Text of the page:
You wait years for a trial date in Gauteng court

Henry

Lawyers in Gauteng wait as long as four years for a place on the court roll in the High Court for cases related to commercial law or a claim against the Road Accident Fund (POF). This is because there are apparently too few judges and courtrooms to hear cases.

Several Gauteng lawyers told RNews this week that they are currently waiting up to four years for a trial date in the Pretoria High Court.

The waiting list for a date in the High Court in Johannesburg does not look much better.

“Pretoria and Johannesburg are the two busiest courts in the country. The short and the long is that we need more judges and courts,” says Tiaan Joubert, chairman of the Gauteng Lawyers’ Association and vice-chairman of the Pretoria Lawyers’ Association.

A reliable source, a person who attended several meetings during which the problem was discussed with Dunstan Mlambo, the Gauteng justice president, confirms this.

“There are too few judges and too few resources. It also doesn’t help that you only have a judge. You also need a courtroom, a stenographer, a court clerk and a court order. These five things are needed to make a trial run smoothly and there simply aren’t enough of them.”

The source says that there has never been such a long wait for a trial date in South Africa in history. “And everyone points fingers.”

According to Joubert, Mlambo and deputy judge president Aubrey Phago Ledwaba are well aware of the problem and “are trying their best under the circumstances… But it is not their job to appoint more judges or build more courts.”

Legal experts therefore place the blame at the door of the Department of Justice, which is said to be unwilling to come up with a substantial solution.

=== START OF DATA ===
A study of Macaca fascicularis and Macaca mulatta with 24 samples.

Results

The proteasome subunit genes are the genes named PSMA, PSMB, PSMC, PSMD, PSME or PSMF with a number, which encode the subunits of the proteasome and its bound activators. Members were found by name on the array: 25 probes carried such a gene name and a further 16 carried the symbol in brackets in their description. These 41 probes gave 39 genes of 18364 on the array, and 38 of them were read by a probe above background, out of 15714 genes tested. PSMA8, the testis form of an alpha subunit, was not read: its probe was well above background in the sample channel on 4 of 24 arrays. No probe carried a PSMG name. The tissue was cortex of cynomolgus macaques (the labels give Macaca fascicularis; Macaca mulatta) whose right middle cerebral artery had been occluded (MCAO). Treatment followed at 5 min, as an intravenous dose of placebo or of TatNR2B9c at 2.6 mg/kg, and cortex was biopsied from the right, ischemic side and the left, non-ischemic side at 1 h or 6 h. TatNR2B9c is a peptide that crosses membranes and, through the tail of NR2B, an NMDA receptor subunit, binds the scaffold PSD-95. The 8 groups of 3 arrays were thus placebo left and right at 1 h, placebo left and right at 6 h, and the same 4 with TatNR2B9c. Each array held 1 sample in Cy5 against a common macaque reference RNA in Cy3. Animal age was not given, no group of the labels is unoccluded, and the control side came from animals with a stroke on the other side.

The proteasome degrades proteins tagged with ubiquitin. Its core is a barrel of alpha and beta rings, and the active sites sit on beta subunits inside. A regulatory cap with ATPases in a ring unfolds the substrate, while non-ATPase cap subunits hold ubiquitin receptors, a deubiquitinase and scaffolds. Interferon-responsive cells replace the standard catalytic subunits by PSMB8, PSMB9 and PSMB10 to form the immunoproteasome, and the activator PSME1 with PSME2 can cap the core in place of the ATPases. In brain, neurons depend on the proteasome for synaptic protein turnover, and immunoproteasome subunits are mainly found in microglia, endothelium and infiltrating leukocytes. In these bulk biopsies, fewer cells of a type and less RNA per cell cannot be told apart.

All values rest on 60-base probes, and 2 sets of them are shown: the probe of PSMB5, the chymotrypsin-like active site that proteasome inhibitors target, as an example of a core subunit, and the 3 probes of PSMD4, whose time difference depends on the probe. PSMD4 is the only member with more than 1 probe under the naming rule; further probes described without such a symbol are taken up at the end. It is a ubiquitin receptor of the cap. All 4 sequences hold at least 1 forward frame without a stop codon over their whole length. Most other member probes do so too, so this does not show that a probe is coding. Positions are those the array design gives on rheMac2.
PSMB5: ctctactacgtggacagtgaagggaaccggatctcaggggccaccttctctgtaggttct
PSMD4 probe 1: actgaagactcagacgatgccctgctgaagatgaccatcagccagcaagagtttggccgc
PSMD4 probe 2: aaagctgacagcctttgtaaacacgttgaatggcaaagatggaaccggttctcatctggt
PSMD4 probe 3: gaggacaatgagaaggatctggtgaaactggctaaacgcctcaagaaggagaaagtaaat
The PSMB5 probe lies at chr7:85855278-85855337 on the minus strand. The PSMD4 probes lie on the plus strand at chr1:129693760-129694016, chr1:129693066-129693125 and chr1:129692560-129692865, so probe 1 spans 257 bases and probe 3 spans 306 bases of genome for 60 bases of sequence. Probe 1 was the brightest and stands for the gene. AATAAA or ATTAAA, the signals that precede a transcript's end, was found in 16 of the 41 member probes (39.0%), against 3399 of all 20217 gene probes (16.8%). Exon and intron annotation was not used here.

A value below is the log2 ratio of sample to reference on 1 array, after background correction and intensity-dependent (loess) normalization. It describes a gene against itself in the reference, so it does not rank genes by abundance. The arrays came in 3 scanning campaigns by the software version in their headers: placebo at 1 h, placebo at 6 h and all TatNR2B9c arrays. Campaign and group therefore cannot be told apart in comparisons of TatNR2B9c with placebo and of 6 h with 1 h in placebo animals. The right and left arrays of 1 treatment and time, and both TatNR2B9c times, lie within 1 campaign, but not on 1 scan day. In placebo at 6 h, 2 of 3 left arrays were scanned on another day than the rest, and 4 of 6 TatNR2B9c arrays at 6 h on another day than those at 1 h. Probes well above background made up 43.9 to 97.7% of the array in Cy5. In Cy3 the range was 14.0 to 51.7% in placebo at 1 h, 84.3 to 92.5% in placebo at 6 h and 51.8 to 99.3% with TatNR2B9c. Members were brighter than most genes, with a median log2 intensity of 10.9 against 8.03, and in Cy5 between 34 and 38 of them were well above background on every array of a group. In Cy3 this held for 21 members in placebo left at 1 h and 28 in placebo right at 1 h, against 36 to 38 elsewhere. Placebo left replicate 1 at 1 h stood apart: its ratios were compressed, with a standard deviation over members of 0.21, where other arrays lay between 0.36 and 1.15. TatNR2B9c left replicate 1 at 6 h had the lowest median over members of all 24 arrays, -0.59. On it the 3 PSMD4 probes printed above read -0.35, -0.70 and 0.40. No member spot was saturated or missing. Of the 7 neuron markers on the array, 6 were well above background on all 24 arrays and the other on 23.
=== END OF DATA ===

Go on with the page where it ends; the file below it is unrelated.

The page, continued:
RNews’s source believes the Pretoria High Court is particularly under pressure, as the Road Accident Fund’s head office is based in Pretoria. “Many lawyers prefer to file all summonses at the head office as it is more cost effective.

“It’s quite a struggle to get a doctor, for example, to Nelspruit to testify. All the experts are here in the city.

“All claims against the RAF must also be heard by judges these days, even if they are settled.

“That’s why it’s so bad what’s happening in Pretoria and to some extent in Johannesburg,” explains the source.

More problems than solutions

RNews’s source says that the problem has already been raised at many meetings.

Advocates have even indicated that they are willing to make their consultation rooms available so that the rooms can be converted into temporary courts and masses of cases can be heard more quickly. According to the source, a list of around 90 willing advocates has been drawn up.

“But for every solution they give us ten problems. They continue to stand firm against this bureaucratic way of doing things. They want a courthouse,” says the source, referring to officials from the Department of Justice.

It was also suggested at one stage that motions be heard online. However, lawyers were then told that motions are a good learning opportunity for junior advocates and therefore cannot be heard electronically.

“There is no sense of urgency,” says the source. “Because these officials hold comfortable government positions and it doesn’t matter to them if it takes four years to get a trial date.”

“In the meantime, there is a plaintiff with a brain injury or in diapers after a car accident and waiting for justice.”

Joubert says the Gauteng Bar Association intends to approach the Department of Justice directly. “We have exhausted all possible formal channels. An administrative issue has now turned into a political issue.”

He says the association is even prepared to take up the matter with the parliamentary portfolio committee on justice.

RNews approached the Department of Justice this week for comment. However, the department simply referred the inquiry to the office of the Chief Justice.